What the papers say – April 20
The resignation of a charity boss also makes the front pages.
Unseasonably warm weather and the latest on Brexit and the Windrush saga feature prominently on Friday’s fronts.
The Times leads with reports of a cabinet rift over post-Brexit immigration policy with the Home Secretary reported to back a softer policy while Prime Minister Theresa May has a “hardline stance”, the paper said.
Brexit leads the Daily Telegraph, with the paper reporting proposals which would avoid a “hard border” in Northern Ireland have been rebuffed by the European Union.
The Guardian carries developments in the Windrush story, with one of those affected claiming there was “no clarity” about whether he will be able to get radiotherapy.
Guardian front page, Friday 20 April 2018: ‘No clarity, no urgency’ for Windrush case cancer patient pic.twitter.com/xfTUnMDTUD— The Guardian (@guardian) April 19, 2018
The Financial Times leads on a potential battle for Spire after the Irish drugmaker rejected a takeover from Takeda.
The Metro leads on the Royals, after the Queen gave her blessing to Prince Charles succeeding her as head of the Commonwealth.
The i reports on the hot weather, saying runners taking part in the London Marathon have been warned of high temperatures.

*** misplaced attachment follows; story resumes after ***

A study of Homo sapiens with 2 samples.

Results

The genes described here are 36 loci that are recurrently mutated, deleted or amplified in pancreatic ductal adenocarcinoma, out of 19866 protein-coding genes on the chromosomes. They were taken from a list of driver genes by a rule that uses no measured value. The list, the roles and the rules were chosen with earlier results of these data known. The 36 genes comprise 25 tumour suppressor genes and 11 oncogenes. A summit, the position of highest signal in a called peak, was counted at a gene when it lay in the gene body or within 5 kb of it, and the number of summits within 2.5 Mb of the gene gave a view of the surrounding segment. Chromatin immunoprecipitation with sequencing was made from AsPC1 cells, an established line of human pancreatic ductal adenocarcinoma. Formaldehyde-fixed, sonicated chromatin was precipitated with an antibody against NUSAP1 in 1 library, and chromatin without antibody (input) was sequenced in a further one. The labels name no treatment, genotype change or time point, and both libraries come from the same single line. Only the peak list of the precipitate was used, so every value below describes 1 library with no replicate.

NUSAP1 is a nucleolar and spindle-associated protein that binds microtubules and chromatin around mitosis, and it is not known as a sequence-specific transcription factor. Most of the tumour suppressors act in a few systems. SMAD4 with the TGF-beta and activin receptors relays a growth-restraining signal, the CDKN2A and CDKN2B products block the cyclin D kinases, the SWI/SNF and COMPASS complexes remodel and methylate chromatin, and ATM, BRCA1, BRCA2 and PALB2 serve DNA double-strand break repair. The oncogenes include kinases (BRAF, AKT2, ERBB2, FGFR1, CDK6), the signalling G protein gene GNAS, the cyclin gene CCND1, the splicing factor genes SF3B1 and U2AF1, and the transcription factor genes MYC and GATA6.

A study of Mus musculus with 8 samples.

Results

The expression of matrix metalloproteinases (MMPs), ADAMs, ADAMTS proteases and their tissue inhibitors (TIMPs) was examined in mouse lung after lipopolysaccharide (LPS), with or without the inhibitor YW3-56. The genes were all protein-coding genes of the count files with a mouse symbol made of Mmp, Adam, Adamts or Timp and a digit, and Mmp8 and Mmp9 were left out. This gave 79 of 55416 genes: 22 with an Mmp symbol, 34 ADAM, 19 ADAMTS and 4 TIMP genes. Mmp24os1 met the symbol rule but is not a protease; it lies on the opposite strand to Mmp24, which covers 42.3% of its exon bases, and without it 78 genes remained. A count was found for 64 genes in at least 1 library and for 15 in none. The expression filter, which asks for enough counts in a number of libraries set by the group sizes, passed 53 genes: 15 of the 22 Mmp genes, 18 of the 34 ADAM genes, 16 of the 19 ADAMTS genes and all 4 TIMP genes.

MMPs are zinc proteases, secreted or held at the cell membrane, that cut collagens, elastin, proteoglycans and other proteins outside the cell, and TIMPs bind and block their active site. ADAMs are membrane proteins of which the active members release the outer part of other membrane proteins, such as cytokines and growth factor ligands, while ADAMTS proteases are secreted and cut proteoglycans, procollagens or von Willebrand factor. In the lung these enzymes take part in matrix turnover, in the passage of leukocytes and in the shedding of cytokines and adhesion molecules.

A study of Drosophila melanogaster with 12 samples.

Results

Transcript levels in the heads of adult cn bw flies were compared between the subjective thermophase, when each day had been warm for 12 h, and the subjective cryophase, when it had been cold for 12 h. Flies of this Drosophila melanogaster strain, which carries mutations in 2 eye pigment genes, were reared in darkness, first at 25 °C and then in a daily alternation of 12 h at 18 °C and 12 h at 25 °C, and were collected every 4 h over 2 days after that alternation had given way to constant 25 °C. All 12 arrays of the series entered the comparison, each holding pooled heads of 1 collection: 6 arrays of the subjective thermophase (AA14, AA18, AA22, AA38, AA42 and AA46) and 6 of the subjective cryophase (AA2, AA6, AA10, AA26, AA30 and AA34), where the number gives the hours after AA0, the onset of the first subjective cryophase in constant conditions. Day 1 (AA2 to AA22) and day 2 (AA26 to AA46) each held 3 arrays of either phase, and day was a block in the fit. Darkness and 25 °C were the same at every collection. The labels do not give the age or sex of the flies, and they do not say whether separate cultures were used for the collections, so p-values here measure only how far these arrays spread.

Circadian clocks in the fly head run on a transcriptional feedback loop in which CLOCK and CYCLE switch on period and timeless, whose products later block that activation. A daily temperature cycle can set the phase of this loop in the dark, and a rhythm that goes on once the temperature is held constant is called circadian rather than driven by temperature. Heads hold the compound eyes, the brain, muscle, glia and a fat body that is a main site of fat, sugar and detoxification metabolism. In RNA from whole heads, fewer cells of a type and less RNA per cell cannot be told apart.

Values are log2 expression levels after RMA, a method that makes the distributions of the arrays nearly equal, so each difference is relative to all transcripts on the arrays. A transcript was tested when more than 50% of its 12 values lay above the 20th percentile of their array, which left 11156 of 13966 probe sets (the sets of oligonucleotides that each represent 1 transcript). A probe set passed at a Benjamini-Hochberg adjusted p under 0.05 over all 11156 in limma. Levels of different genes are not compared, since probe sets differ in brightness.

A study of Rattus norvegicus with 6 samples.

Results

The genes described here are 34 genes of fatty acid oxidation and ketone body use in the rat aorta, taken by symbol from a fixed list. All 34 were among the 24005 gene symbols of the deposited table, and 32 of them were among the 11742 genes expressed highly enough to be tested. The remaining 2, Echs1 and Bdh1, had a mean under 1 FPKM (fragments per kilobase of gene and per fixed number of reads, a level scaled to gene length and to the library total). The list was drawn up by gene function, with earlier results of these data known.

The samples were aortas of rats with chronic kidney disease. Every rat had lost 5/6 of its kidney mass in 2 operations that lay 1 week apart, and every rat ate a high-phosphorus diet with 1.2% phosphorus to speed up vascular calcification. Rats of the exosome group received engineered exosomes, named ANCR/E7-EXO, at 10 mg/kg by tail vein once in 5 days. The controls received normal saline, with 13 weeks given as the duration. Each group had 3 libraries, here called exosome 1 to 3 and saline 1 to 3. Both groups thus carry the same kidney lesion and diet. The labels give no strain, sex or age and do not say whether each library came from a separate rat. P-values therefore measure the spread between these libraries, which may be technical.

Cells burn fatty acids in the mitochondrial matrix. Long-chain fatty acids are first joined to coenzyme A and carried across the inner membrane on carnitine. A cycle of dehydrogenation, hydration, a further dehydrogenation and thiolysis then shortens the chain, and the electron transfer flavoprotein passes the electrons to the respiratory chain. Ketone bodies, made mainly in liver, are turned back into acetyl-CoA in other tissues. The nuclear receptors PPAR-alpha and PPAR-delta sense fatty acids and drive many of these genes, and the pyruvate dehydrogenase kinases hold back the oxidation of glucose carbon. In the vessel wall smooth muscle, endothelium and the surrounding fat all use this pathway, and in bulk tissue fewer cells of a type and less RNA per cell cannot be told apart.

The Independent reports that Theresa May “ignored repeated Home Office warnings” caused by the so-called hostile environment migration policies.
The Daily Mirror carries an interview with Duwayne Brooks who was with Stephen Lawrence when he died in which he says he wants to heal the rift with the murder victim’s parents.
The Sun reports a group of soldiers have sprayed slogans on the walls of their barracks in protest at the treatment of the company’s dog.
Tomorrow's front page: Squaddies revolt at mascot 'being worked to death' pic.twitter.com/0OLmQgktJ2— The Sun (@TheSun) April 19, 2018
The Daily Mail leads on the resignation of Sir Alan Parker, who left his role as chairman of Save the Children International following claims of a cover-up of harassment allegations against two executives.
The Daily Express decries a postcode lottery over the cost of social care.
And the Daily Star runs with a story about TV star Dale Winton who died on Wednesday.